Modesty is key to practical Khulekani Madondo
Baroka midfielder Khulekani Madondo may not have won a trophy or played for any of so-called big three, which defines success to some. But building his family a house and establishing a transport business give the 29-year-old enough peace of mind.
Growing up disadvantaged after losing his mother when he was just five, and his father five years later, being brought up by his older sister Zinhle taught Madondo to appreciate even the smallest of achievements in life.
On that account, the lad from Howick near Pietermaritzburg in KZN's midlands, is content with what football has given him. Though the measure of success in SA is having played for Kaizer Chiefs, Orlando Pirates or Mamelodi Sundowns, Madondo has his own philosophy.
"Success in football is not trophies or playing for bigger teams. If you have done what you are proud of... what your family is proud of, I think you can say you've achieved, and that's why I say I am blessed with what I have gained in football," Madondo told Sowetan.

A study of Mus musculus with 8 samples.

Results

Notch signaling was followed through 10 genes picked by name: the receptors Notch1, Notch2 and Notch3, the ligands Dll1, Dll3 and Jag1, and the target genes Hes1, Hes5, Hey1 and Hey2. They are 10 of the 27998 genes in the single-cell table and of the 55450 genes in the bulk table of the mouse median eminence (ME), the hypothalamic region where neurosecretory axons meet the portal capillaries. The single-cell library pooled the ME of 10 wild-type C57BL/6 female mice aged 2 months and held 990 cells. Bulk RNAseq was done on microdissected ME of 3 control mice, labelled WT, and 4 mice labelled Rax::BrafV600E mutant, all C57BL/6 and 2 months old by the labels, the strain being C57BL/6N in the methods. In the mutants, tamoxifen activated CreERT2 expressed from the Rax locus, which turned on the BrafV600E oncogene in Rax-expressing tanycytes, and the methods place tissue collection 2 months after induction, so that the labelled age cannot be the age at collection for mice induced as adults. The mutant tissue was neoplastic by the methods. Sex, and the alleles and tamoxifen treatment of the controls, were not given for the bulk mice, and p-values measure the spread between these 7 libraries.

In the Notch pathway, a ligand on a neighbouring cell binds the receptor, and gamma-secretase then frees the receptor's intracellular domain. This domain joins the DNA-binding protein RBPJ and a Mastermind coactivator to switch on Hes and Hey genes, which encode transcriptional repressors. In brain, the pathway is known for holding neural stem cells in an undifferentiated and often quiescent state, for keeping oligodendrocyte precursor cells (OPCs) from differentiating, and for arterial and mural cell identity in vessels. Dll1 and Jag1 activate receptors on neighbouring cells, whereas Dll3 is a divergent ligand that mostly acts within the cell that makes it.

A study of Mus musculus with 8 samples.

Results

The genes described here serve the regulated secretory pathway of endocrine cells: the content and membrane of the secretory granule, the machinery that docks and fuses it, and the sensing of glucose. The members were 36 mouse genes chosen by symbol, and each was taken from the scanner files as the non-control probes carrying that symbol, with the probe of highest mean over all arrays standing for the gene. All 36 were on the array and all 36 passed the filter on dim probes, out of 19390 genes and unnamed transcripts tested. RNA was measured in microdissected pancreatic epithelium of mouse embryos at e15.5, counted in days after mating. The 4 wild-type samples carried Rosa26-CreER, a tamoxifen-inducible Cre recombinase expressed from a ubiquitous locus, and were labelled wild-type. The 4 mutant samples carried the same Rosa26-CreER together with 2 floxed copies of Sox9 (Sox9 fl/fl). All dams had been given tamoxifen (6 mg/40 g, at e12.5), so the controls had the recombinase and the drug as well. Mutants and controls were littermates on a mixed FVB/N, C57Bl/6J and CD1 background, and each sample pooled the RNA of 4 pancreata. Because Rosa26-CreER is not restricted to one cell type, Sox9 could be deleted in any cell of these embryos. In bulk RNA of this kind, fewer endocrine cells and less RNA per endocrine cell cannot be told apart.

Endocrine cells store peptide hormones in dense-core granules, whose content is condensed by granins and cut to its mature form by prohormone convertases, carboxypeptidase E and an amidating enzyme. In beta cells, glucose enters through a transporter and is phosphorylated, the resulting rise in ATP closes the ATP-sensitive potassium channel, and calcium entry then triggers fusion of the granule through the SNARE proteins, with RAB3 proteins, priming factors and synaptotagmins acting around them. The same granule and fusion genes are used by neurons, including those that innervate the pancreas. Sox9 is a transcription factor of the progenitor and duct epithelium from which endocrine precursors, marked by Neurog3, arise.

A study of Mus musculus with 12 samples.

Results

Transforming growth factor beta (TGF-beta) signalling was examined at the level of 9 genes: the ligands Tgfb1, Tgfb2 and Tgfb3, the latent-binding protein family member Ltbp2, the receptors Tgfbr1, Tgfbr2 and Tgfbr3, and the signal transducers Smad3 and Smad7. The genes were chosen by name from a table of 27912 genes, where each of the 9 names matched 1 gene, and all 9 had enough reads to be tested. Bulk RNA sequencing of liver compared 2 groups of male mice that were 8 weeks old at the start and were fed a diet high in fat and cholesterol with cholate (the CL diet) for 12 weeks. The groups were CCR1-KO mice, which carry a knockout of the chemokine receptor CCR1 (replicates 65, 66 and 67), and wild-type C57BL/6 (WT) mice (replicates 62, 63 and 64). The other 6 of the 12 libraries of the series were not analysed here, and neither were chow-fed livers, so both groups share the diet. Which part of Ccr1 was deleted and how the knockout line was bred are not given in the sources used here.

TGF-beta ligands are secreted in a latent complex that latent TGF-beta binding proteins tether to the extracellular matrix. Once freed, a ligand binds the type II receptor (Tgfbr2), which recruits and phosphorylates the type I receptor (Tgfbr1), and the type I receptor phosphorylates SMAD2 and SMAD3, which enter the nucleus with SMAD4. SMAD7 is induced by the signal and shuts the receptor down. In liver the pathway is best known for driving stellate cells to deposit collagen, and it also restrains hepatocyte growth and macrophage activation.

"I lost my parents when I was very young. My sister took care of me. My dream was always to build a big house, I have done that already. I am thankful. I know I'd have achieved more if I went overseas or to one of the bigger teams, but I am still happy, especially looking at my background."
Unlike his fellow footballers, who normally spend money on fast cars, Madondo chose to buy a kind of a car that would generate income for him, safeguarding the future of his kids.
The Bidvest Wits youth product is a proud father to a 10-year-old girl, Esihle, and a boy, Melokuhle, who's six.
"I still drive the same Polo Vivo I bought when I was in Maritzburg. When I was at Platinum Stars, I bought a Toyota Avanza for business, it ferries Spar staff members in Howick," said Madondo.
"I started this business to make sure that my kids are taken care of even when I have stopped playing football.
"The business is doing very well, but I can't say how much the monthly profit is."